Weekend Wrap Up: A Record Falls

After weeks of incredible mediocrity and often downright ignominy for the box office, it finally truly rebounded this week on the strength of two openers, one of which in particular had an absolute breakout weekend. Add in a stunning debut from a film in limited release and the box office has life again.

Hotel Transylvania

For ten long years, the title of highest opening weekend in September–arguably the worst month of the year for the box office–has belonged to Sweet Home Alabama, which opened to 35 million back in 2002. Such a long reign is very unusual. Only The Passion of the Christ comes close, as it has held the February record for eight years. It’s unusual for a monthly record to last more than five years, but today we bid farewell to Reese Witherspoon and welcome in Adam Sandler.

Hotel Transylvania debuted to a very strong 43 million, well above tracking estimates and quite a bit above my own prediction of 27 million. Its reviews haven’t been good at all, but kiddies have been starved for entertainment lately, with onlythe rerelease of Finding Nemo to hold them over. The Adam Sandler flick, despite the bad reviews, seems primed to play well through October and won’t have any trouble getting well over 100 million.

Second place belongs to fellow opener Looper, which opens to about half of Hotel Transylvania, with 21 million. This is still a strong debut, and after the failures of Premium Rush and The Cold Light of Day, I’m sure Willis and Gordon-Levitt would’ve been happy with anything about 15 million. The time travel flick has glowing reviews so I think it should hold well in the weeks to come and has an outside shot at 100 million.

Last week’s champ, End of Watch, held decently, slipping 39% to eight million. For a film with a 7 million budget, its 26 million total gross so far is very solid. Close behind is Trouble with the Curve as the Clint Eastwood picture dropped 38% to 7.5 million. Its total of 24 million isn’t too bad. Next we have House at the End of the Street, which predictably fell harder than its fellow openers from last weekend, though its 42% drop is still way better than I expected. Give the J-Law flick 7.2 million this weekend and a good 22 million against a small 10 million budget.

Now, this could really be the story of the weekend. A movie I’d never heard of before Friday, and which I completely disregarded when making my predictions, Pitch Perfect, somehow opens 5.2 million despite being in only 335 theatres. Its per theatre average of $15,522 was nearly $3,000 higher than Hotel Transylvania. I still have no idea what this movie is. I think there might be singing or something? Well, regardless, good for everyone involved with this one, as this might be on its way to becoming a major sleeper hit.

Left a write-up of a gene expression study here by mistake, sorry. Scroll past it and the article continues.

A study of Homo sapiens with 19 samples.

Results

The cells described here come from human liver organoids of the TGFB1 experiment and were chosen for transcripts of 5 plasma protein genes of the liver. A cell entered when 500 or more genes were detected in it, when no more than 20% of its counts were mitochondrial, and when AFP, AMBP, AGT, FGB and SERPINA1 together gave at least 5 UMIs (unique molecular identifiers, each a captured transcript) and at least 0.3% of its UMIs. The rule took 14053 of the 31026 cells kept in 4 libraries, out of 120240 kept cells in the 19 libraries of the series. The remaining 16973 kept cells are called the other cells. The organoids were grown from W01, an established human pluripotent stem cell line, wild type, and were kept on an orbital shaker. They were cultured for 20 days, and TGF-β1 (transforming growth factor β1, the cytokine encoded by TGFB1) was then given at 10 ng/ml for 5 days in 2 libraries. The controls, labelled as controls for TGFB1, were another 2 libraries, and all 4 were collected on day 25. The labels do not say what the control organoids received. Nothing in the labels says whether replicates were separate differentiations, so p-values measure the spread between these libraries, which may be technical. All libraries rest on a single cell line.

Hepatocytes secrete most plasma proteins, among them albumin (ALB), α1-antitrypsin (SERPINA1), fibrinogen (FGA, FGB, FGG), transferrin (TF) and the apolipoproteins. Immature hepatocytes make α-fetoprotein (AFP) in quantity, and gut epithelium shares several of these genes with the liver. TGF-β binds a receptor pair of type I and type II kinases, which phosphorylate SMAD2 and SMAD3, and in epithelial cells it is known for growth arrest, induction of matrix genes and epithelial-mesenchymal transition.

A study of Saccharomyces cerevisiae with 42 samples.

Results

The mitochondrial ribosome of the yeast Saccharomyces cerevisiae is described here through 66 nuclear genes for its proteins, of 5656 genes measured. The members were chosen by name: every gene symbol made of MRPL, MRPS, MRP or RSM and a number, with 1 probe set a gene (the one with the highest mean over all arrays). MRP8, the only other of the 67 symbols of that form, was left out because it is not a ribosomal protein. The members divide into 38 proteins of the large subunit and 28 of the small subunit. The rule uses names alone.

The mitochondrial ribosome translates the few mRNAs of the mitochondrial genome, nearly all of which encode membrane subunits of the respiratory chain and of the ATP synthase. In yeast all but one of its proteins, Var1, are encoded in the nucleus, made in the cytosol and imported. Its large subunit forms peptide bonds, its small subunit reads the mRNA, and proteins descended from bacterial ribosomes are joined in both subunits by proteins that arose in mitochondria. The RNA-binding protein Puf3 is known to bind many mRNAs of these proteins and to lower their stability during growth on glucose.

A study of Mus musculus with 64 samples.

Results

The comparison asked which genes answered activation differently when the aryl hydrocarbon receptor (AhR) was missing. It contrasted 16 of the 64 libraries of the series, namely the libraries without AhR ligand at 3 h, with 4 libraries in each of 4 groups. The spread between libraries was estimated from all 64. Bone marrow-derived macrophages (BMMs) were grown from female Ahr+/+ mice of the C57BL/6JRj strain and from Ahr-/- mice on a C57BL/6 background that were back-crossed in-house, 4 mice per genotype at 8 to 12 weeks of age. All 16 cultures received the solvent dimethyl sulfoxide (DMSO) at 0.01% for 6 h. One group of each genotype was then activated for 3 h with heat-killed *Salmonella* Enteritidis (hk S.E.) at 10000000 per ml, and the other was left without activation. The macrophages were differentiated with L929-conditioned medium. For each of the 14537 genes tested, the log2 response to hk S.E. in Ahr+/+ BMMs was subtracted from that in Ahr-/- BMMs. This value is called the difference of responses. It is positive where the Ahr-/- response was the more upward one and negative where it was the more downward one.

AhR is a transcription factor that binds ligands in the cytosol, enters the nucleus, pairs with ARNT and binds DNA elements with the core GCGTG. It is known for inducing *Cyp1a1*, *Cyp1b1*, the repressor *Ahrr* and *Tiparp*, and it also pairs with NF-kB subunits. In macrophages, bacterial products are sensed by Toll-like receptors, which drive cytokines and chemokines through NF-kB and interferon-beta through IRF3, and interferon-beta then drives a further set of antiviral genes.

Crashing 59% is Finding Nemo, which makes sense as kids would flock to Hotel Transylvania. It made a little over 4 million this weekend and lifted its total about 36 million. Disney’s gotta be hoping Monster’s Inc 3D does better in December. Also falling hard, 55%, is Resident Evil Retribution. Another 3 million lifts it to about 39 million, which might be just barely enough to justify another sequel.

The Master, in just 856 theatres, dropped 38% to 2.75 million. Its $3,207 per theatre average, while still unspectacular, ranks fourth among the top ten. Finally, in tenth, we have the awful debut of Won’t Back Down, which managed just 2.7 million and will be promptly utterly forgotten. All in all, the top 12 had its highest gross in a month and a half. Next week’s openers have a good chance of maintaining this new found momentum.

Frankenweenie: I’ve already ranted about my dislike of Tim Burton, but I will admit that for the most part his films are successful. Frankenweenie really is right up his alley and I’m sure his fans will eat it up. Plus, opening on the first weekend of October, with Halloween on people’s minds, is smart.

Taken 2: I’m very pumped for this film, although it looks like a complete retread of the first movie. Then again, that’s not necessarily a bad thing. It could be a tight race for the top spot, and if Hotel Transylvania holds well enough, it might hold on to the top spot. Still, we’ve got a very good chance of three movies making over 20 million next weekend. After enduring some awful weekends, these are suddenly some good times to be a box office analyst.